Rob Lemos Writer and analyst
Big rig on the long haul

For today's companies, the top security challenge is finding and keeping information security workers. The global shortage of security workers is expected to reach 1.5 million by 2020, according to a report released by the International Information System Security Certification Consortium and Frost & Sullivan.

Hiring and retaining qualified workers continues to be the top issue affecting organizational security, with 87% of respondents concerned about it both in the 2015 survey and in a report that focuses on the government and will be published by the same group this year. 

The challenges of finding, training, and retaining security analysts continue to hurt the readiness of today's security operations centers (SOCs), said Travis Wiggins, senior manager of IT security consulting for Secureworks. While some managed services can replace much of the work done by low-level (Level 1) analysts, not having internal Level 2 and Level 3 analysts to handle more complex security tasks can stall the development of a mature security operation, he said.

"It really feels like, today, the real gap in the security organizations that we help build seems to be around L2 and L3 workflows," Wiggins said. "That impacts not only incident response, but also activities such as red team exercises and threat modeling that are the ways that defenses are truly tested."

Companies need to make a sustained effort not only to find new information security analysts, but also to train existing employees in the skills necessary to succeed as an analyst. A paper released by Hewlett Packard Enterprise, Growing the Security Analyst, argues that most companies should consider growing their own analysts and look beyond security-focused engineers.

Here are three ways to build out your security team.


1. Evaluate your security team's strengths and weaknesses

Companies should start by evaluating what they already have. What roles need to be bolstered, and what skills are lacking?

There is no single perfect background for an analyst. While former law enforcement officers and military veterans can bring an investigative mindset to a security team, and former IT network engineers add technical aptitude, companies should not strive for a monolithic composition, said Travis Grandpre, director of product marketing for HPE Software's ArcSight group.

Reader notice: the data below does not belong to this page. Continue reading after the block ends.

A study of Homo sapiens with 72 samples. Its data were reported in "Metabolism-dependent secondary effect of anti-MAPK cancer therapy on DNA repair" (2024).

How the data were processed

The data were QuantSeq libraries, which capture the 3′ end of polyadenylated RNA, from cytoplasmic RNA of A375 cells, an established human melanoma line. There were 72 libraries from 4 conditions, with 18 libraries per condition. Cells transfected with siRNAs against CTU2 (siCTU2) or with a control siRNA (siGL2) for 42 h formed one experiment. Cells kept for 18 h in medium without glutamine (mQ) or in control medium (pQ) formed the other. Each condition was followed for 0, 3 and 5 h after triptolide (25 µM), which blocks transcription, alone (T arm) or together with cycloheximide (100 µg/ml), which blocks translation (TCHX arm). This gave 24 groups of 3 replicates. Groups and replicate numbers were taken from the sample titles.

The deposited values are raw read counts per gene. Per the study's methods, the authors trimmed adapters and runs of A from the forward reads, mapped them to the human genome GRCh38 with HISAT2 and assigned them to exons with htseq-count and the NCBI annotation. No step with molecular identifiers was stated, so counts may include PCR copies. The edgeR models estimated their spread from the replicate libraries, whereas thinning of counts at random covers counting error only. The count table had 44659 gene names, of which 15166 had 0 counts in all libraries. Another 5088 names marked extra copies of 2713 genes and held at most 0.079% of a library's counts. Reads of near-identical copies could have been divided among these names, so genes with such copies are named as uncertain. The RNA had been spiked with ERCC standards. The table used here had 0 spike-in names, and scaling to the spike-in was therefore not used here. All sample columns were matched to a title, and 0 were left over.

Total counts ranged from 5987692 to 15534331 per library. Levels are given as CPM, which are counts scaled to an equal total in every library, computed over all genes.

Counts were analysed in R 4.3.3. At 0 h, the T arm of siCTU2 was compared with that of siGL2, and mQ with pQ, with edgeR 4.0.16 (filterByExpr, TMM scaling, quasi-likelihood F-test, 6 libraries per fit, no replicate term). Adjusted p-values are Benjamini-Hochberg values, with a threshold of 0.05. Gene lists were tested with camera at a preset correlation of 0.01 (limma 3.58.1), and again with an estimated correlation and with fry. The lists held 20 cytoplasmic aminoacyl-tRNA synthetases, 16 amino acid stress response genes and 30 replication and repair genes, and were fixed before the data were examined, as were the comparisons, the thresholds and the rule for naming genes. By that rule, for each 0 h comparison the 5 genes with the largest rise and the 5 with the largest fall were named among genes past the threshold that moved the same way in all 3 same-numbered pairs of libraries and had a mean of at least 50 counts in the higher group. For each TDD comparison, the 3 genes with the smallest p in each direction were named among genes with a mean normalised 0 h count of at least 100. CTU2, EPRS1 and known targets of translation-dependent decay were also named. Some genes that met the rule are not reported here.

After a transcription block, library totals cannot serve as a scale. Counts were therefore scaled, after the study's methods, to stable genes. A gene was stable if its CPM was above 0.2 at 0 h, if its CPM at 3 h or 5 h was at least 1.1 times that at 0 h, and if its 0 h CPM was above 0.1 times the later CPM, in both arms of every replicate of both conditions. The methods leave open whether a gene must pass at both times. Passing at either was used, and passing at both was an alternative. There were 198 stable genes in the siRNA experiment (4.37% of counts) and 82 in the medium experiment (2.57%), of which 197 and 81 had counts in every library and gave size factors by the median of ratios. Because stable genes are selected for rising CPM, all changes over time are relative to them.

Rather, new analysts should complement the composition of the team.

"If your team is young, it is not good to have new analysts all come straight out of college. If you already have experienced hands, you don't want all veterans either. It is good to have a combination of both."
Travis Grandpre, HPE

Building a team whose members support one another is important, he added. "It is really important to focus recruiting and training on the complementary skillsets that really support each other," Grandpre said. "You have to have a team with the right aptitudes and the right attitudes—they need to be problem solvers."

2. Create a skill-development plan for analysts

IT security managers should evaluate the skills of new hires and, from time to time, conduct a regular review of team members' skills. Skills should include a body of knowledge that the organization would like to be integrated into the security team, such as anomaly detection, digital forensics, encryption, and threat hunting.

A simple system of ranking—for example, 0 for no knowledge or skill, and up to 3 for an expert—is suitable for evaluating the technical proficiencies of each member of a security team. A note can be added for employees who gain a professional certification in the stated skill.

There are a lot of aspects to the SOC that need to be incorporated into training and understood, said Grandpre.

"If you have good training in place, you can take an analyst who is weak in operating systems and put a plan in place to really develop that."
—Travis Grandpre, HPE

Secureworks' Wiggins said analysts who can take the attacker's mindset are valuable.

"If they can take the output of that activity and feed them back into your blue team and feed them back into your technology stack, then you can make your blue team and your L1 defenses smarter."
—Travis Wiggins, Secureworks

Following the skills assessment, the company should create individual plans to help each security analyst strengthen his or her weak areas and work toward skill-improvement goals. Turning these plans into annual goals and as areas to develop can help workers remain engaged.

3. Support analysts with career paths

One way to counter the loss of experienced security workers is to create a good career path for existing workers and—as covered in the previous section—help them work toward their training and education goals.

A career path is important, because no one wants to spend an entire career as a Level 1 analyst, said Wiggins. "If you consider the employees that always need to be replaced, the ones that burn out the fastest, they are always L1 analysts, across every organization that we deal with," he said. 

The increasing adoption of machine learning also means that the role of Level 1 analysts is changing, in two ways. First, rather than doing basic work, Level 1 analysts are being scooped up and trained by service providers, and second, the name "Level 1 analyst" is being used for a more complex role within the company. 

You are in it for the long haul

Companies have to face the fact that they will likely have to train their security teams, a longer process than most firms want. However, by focusing on the overall team's capabilities and the individual team members' personalities and knowledge, and by developing a path for career advancement, most companies can turn out strong security groups.

And when hiring, also think longer term, the HPE report notes:

"Don’t start with people with no understanding of IT, but keep an open mind when interviewing analysts."